WASHINGTON — An ad is an ad is an ad — even if Elmo has trouble spelling advertisement. Or is it?
Take a spot for Subaru airing Sunday evening on the popular character’s home net — PBS. More and more, viewers tuning in to noncommercial public TV are wondering if they switched to the wrong channel, confronted with sponsor “messages” that look an awful lot like ads.
This morning, a Capitol Hill committee is expected to quiz PBS prexy-CEO Pat Mitchell and Assn. of Local Public TV Stations prexy-CEO John Lawson on the issue, among other matters.
“Some are concerned that corporate underwriting has exceeded the limits laid out by the Federal Communications Commission,” a congressional staffer said.
PBS is adamant that it’s well within the bounds set by the FCC and that it goes even further than the reg agency in dictating what’s OK. For one, the plug can’t be longer than 15 seconds.
And, according to FCC rules, no price can be included, or price comparisons. Nor can there be inducements to buy. There can be no jingles or logos that promote a product, and no location information. Finally, the reg agency asks public broadcasters to exercise their best judgment.
Still, underwriters of PBS programming have plenty of room to play, particularly in a marketing age dominated by subtle imagery. There might not be that much variance between an ad developed for a commercial net and a spot developed for public TV.
On its Web site, PBS even encourages sponsors to borrow images from existing ad campaigns.
“I don’t in the least bit deny that the care, skill and polish that is now reflected in underwriting credits might make PBS look more commercial than it did 10 or 15 years ago,” PBS chief operating officer Wayne Godwin said. “We try to be as thoughtful as we can be in maintaining our noncommercial and educational mission.”
Consumer advocates have long complained about the creeping commercialization of public broadcasting and the proliferation of sponsor spots.
Center for Digital Democracy prexy Jeffrey Chester said the FCC shoulders much of the blame by allowing PBS and public stations to carry plugs in the first place.
“It’s dishonest to say they are not ads,” Chester said. “But even if it walks like an ad and quacks like an ad, the FCC says it’s not an ad.”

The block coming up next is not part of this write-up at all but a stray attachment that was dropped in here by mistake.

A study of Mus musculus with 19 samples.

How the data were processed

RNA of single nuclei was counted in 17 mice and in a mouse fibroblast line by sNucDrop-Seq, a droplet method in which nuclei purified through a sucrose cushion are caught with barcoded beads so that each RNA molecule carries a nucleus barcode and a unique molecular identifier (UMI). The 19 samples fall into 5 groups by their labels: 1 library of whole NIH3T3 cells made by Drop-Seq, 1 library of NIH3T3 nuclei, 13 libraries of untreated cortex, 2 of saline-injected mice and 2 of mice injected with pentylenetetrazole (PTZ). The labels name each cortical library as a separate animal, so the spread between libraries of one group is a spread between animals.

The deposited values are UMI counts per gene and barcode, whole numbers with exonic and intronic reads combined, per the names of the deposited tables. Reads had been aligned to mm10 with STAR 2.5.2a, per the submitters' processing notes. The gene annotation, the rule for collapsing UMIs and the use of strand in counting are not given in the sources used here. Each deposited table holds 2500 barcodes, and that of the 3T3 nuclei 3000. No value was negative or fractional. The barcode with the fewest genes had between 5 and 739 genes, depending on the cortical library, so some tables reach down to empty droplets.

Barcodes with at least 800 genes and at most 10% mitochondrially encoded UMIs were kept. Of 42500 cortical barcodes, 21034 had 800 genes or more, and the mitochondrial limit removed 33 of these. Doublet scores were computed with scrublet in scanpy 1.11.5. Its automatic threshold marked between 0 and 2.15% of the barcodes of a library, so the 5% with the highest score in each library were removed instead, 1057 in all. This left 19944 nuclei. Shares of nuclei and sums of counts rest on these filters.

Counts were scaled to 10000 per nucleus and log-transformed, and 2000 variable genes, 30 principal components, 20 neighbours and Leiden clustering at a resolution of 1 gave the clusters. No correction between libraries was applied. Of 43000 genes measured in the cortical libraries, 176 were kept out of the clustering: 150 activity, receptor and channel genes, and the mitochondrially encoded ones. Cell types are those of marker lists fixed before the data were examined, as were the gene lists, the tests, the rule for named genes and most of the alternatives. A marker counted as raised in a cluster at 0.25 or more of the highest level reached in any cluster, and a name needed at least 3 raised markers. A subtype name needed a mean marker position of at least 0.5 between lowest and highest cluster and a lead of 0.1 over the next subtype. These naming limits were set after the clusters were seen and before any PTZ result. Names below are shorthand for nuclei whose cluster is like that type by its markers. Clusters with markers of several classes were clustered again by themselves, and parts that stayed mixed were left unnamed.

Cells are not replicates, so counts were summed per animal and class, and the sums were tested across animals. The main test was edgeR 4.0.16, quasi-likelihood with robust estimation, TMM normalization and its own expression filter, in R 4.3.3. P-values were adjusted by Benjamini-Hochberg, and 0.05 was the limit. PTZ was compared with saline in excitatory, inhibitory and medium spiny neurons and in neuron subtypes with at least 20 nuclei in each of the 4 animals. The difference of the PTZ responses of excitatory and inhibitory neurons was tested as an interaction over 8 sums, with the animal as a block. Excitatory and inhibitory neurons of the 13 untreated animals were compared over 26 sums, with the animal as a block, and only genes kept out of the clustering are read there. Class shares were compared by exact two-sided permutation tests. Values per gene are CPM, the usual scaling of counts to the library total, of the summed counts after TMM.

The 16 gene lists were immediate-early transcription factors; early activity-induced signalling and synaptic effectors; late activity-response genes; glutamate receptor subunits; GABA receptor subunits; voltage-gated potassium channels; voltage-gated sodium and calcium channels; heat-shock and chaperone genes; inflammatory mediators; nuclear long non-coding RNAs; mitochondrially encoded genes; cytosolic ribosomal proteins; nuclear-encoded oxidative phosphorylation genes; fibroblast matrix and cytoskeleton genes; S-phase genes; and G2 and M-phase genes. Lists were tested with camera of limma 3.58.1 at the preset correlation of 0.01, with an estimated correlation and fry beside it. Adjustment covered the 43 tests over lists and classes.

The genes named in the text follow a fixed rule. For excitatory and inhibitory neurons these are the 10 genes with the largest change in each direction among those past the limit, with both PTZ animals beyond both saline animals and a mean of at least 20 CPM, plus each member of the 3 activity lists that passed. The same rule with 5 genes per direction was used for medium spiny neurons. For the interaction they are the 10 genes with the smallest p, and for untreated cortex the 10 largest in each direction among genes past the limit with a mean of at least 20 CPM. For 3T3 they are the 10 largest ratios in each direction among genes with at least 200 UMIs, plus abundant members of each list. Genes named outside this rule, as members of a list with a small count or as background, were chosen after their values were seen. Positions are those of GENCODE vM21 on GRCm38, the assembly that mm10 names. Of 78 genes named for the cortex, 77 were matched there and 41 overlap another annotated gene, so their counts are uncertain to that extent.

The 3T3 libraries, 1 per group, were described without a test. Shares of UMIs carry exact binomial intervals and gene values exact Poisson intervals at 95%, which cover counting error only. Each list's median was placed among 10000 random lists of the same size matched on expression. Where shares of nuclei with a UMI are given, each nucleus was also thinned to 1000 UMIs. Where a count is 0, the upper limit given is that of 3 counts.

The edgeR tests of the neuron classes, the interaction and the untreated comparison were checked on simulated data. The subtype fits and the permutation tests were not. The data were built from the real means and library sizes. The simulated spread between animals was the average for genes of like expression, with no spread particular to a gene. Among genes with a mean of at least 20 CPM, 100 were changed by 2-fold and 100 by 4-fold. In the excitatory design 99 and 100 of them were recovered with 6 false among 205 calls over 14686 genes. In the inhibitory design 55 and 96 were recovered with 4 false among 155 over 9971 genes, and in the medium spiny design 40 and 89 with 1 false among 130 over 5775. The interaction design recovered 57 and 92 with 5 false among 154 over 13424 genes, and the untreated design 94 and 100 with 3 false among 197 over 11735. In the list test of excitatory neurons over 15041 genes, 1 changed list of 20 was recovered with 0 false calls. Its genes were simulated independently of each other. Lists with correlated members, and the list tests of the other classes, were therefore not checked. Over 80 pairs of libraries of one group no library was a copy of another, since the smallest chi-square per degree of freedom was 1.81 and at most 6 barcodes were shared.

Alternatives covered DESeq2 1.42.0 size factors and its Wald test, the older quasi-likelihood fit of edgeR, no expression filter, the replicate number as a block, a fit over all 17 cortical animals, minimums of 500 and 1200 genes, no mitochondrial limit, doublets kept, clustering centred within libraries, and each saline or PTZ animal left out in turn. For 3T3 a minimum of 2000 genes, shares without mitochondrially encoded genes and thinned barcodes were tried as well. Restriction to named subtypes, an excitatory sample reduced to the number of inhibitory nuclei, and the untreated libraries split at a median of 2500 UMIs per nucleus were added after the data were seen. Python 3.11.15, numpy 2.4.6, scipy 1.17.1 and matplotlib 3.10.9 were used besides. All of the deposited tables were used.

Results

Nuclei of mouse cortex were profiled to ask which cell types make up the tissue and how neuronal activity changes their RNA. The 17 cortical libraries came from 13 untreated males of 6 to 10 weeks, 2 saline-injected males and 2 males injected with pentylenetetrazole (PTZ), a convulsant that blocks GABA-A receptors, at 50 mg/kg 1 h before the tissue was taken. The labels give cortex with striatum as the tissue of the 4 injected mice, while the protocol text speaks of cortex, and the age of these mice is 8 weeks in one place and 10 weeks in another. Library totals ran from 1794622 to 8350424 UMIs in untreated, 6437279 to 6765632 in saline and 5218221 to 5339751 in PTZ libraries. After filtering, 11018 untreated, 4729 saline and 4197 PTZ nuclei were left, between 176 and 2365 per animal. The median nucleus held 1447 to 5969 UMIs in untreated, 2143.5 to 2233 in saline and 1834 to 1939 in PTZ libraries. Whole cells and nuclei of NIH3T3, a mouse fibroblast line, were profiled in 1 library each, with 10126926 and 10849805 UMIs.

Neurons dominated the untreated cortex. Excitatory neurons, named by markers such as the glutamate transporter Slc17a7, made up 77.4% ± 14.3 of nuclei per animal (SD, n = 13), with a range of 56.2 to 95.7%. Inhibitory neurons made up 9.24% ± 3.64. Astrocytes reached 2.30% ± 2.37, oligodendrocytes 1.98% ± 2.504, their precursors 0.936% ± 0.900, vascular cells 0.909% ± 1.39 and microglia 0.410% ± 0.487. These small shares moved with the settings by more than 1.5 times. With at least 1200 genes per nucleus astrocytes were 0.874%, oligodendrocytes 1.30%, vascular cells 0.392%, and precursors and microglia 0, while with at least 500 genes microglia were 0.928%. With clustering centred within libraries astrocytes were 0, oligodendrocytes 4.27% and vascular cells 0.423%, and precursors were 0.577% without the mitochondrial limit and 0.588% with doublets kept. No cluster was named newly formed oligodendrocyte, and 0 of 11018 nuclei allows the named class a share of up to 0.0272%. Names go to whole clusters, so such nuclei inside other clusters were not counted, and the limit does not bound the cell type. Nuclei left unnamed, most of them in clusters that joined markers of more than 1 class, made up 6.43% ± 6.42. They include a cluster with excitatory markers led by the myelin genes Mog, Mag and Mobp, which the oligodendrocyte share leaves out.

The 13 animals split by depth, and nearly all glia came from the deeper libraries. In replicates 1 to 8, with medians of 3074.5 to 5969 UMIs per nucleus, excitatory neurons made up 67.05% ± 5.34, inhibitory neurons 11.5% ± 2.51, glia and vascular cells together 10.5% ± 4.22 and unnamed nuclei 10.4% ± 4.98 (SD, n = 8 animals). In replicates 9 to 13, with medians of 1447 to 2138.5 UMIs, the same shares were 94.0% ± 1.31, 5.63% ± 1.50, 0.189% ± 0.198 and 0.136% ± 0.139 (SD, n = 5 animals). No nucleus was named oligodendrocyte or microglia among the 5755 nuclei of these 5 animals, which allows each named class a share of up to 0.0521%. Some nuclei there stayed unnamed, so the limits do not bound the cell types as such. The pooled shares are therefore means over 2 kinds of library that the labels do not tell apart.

Godwin said each and every underwriter credit, allowed before and after a PBS program, is reviewed for content and pitch. “We look at everything. We stand accountable for each and every spot.”
In addition to national spots attached to PBS programs, public TV stations often carry local spots.
Corporate underwriting makes up about a third of PBS’ budget. Federal funds and contributions of individual viewers comprise the rest.
Chester and other consumer advocates said they were concerned to learn of the tone of sponsorship info posted on PBS’ Internet site. The idea behind public TV was that it didn’t have to worry about competing with commercial nets. Yet, PBS sounds like a competitor.
“Learn how PBS Sponsorship can help your corporate message stand out from the clutter of commercial advertising — and reach your target audience!” the site states.
PBS also offers tips to sponsors about how to fashion a message, as well as listing several examples of underwriting credits. They include:
- A recent Mitsubishi spot showed clips of the Gallant, with the following script: “This program was brought to you by Mitsubishi. The all-new Gallant, proof that sedans and pulses can harmoniously exist.”
- “Of all the things you can get at Ace, perhaps the best is piece of mind. Ace is the place. From the helpful hardware folks,” intoned a recent spot for underwriter Ace Hardware.
- Barnes & Noble recently plugged its Web site with “Anywhere … Any time … Any book … BarnesAndNoble.com, where the world shops for books.”
The Consumers Union said it is time for Congress to step in and write “stiff rules preventing these kinds of commercial promotions.”
Any hint of advertising on public TV has long been a hot topic in Washington. Last fall, the FCC raised eyebrows when voting to allow public TV stations to carry ads on extra digital channels. Once the transition to digital is complete, broadcasters will have their primary signal as well as up to six ancillary channels.
In 1998, then-FCC commissioner Michael Powell — now topper of the agency — extolled the virtues of public TV during a speech.
“It is not constrained to produce mass audience fare, because it does not need to deliver eyeballs to the cereal, soap and soft-drink companies to achieve its mission,” Powell said. “It is free, then, to pursue dramatic, cutting-edge programs that may not attract a mass audience, but does stimulate the minds of those willing to tune in. This is why public broadcasting is a national treasure.”